Tips for Dealing with Permanent Employees Who Hate Independent ContractorsWhen you consider moving from being an employee to an independent contractor, you weigh all of the pros and cons, considering new challenges such as accounting, insurance, and the risk of being out of work. One challenge new IT contractors sometimes don't consider is dealing with the negative feelings and the cold reception they sometimes get from a client's full-time employees. Building relationships at a new client site is challenging enough, and when employees already have a negative pre-conceived idea of you, you will find yourself starting from behind. So how can you deal with these permanent employees and their bad attitudes, while also building a productive working relationship? Start by understanding why they resent you The employee failed to understand your situation and made assumptions, so don't intensify the issue by falling into the same behaviour. Although you may not agree, keep their point-of-view in mind and consider these reasons that your client's FTEs may dislike you and your fellow independent contractors:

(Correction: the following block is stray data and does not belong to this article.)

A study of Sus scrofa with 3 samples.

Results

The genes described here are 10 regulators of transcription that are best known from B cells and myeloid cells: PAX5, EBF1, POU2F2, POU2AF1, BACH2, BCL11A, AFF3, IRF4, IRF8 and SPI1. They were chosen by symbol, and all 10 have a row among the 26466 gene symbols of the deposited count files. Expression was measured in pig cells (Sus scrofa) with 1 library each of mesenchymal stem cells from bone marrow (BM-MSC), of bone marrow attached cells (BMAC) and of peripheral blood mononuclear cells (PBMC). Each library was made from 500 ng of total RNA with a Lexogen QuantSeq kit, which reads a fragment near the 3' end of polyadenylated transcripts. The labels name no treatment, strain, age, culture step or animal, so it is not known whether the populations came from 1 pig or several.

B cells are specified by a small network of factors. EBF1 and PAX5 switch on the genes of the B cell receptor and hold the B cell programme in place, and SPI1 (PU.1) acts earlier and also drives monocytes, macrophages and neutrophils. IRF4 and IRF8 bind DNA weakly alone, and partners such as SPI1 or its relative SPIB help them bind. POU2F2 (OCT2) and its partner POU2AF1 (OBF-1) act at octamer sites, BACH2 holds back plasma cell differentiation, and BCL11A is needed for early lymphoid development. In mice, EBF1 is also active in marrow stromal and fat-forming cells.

- They find out that their company, who they've been loyal to for many years, is paying you a lot more;
- Employees have to deal with the entire job, including office politics, performance reviews, training sessions and admin tasks, whereas contractors get to do only the core work;
- Independent contractors come in, do the high-profile "fun" tasks, then leave the IT employees to "clean up the mess" and do the grunt work; and,
- By nature, independent contractors are experts in their field so tend to be more focused and productive. If management hasn't communicated the IT contractor's role properly, this is threatening to employees.
- Communicate well, especially when explaining your role and that you're not there to take their job;
- Be generous of your time by offering training and mentoring;
- Avoid coming off as a jerk, patronising, or acting above the employees. This can happen unintentionally when trying to pass on your knowledge, so be selective of your words;
- Stay out of office politics or exposing lazy employees. Simply do your job and help the employees look good; and,
- Refrain from talking about money or answering their questions as to how much you make. Where figures do get exposed, take the time to explain all of your extra costs. If you do make significantly more than employees, avoid flashing your success in front of them.